Sugar beet

Sugar beet (Agricultural Research Service/USDA)

Geneticists and computer scientists in Germany, Spain, and Sweden sequenced the genome of the sugar beet, a plant contributing a large segment of the world’s sugar production. The study offers an analytical reference for advances in biotechnology with implications for agriculture and renewable energy.

The team led by biology professor Bernd Weisshaar at Bielefeld University in Germany and  Heinz Himmelbauer, director of the Genomics Unit at the Centre for Genomic Regulation in Barcelona, Spain published its findings earlier this week online in the journal Nature.

Sugar beet (Beta vulgaris), according to the UN’s Food and Agricultural Organization, is the source of 20 percent of world’s sugar supply, with the remainder derived from sugar cane. While sugar cane grows largely in tropical climates, beet sugar is grown in temperate climates. The species is grown in 14 states in the U.S., with Minnesota and North Dakota the leading producers, making up about a third of the total.

Sugar beet, say the authors, is a recently domesticated crop, with lines accumulating sugar in their roots cross-bred with chard and fodder beets in the 18th century. It is the first species in the order Caryophyllales that includes commercial crops such as spinach and quinoa, as well as desert plants including cactus, to have its genome sequenced.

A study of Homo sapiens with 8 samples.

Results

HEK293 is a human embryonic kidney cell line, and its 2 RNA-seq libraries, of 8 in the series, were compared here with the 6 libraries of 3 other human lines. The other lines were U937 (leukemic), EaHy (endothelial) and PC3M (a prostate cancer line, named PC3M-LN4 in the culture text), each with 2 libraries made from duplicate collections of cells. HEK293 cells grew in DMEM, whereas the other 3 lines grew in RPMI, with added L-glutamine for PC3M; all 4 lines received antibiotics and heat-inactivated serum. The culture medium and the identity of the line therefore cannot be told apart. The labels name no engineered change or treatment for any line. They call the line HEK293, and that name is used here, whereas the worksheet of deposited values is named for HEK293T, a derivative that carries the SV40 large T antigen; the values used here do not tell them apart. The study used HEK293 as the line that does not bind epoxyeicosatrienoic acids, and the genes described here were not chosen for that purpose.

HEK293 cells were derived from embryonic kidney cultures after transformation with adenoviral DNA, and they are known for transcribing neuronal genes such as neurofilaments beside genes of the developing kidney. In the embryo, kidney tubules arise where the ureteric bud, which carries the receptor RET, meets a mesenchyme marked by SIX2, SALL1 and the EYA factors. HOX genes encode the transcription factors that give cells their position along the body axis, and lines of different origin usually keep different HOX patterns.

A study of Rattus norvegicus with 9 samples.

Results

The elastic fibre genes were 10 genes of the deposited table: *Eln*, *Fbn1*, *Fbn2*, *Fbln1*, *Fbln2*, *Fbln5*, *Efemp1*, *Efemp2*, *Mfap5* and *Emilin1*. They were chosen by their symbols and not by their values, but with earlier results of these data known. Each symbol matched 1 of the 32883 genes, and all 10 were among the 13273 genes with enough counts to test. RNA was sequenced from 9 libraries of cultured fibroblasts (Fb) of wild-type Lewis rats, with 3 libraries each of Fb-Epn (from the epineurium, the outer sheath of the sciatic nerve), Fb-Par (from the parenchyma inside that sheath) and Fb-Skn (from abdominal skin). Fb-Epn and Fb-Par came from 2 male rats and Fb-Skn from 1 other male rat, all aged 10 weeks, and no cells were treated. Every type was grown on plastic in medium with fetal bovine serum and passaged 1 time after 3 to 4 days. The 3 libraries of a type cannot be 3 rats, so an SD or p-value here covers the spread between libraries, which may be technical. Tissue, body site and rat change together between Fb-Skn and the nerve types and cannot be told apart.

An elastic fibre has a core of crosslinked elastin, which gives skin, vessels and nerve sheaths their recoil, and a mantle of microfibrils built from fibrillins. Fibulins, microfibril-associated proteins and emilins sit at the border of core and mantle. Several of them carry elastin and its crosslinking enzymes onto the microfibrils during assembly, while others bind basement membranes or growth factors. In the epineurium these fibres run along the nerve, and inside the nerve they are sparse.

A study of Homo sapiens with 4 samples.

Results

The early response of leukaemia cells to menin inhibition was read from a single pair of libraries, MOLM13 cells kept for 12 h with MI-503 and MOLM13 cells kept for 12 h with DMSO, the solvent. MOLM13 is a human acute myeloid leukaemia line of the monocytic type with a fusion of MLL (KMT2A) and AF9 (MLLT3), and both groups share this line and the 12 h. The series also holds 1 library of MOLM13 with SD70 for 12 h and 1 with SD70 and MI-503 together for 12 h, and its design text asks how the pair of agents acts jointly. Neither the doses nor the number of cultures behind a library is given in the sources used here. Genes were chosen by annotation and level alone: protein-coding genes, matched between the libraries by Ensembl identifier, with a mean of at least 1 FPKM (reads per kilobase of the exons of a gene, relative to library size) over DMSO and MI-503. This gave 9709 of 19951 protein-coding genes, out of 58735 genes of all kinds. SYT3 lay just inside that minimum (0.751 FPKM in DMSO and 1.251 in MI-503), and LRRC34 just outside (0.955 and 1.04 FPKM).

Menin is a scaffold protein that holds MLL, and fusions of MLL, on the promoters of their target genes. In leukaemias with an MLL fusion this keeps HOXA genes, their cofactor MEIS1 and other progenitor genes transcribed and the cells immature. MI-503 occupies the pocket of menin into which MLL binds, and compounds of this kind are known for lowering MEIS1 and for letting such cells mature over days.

The researchers performed a high-throughput sequencing of DNA from the genomes of  primary sugar beet lines, as well as four related sugar beet lines, to get a fuller picture of variations within the species. The team also sequenced genetic material from a wild beet ancestor and spinach, a related Caryophyllales species. Systems from Roche, Illumina, and Applied Biosystems were used for genomic sequencing and assembly.

The analysis yielded 27,421 protein-coding genes in the sugar beet’s genome. The data also enabled the researchers to trace the genomic development of sugar beets from its wild beet ancestor and discriminate the species from others in the Caryophyllales order, spinach in this case. With the results, the team was able to identify some 7 million variant positions throughout the reference genome.

The researchers also discovered these variations were not uniformly distributed, ranging from regions of high to very low variation. The authors attribute the areas of low variation in part to human intervention, selecting and breeding desired properties of sugar beets.

The results are expected to provide a base line for further genomic studies of sugar beets to better understand its properties, as well as customize the crop through biotechnology for the production of sugar and other products. Among those other products are biofuels. Sugar beet growers in California, for example, are building a test site for refining ethanol from sugar beets, which its developers say can produce the biofuel with less water and a lower carbon footprint than corn.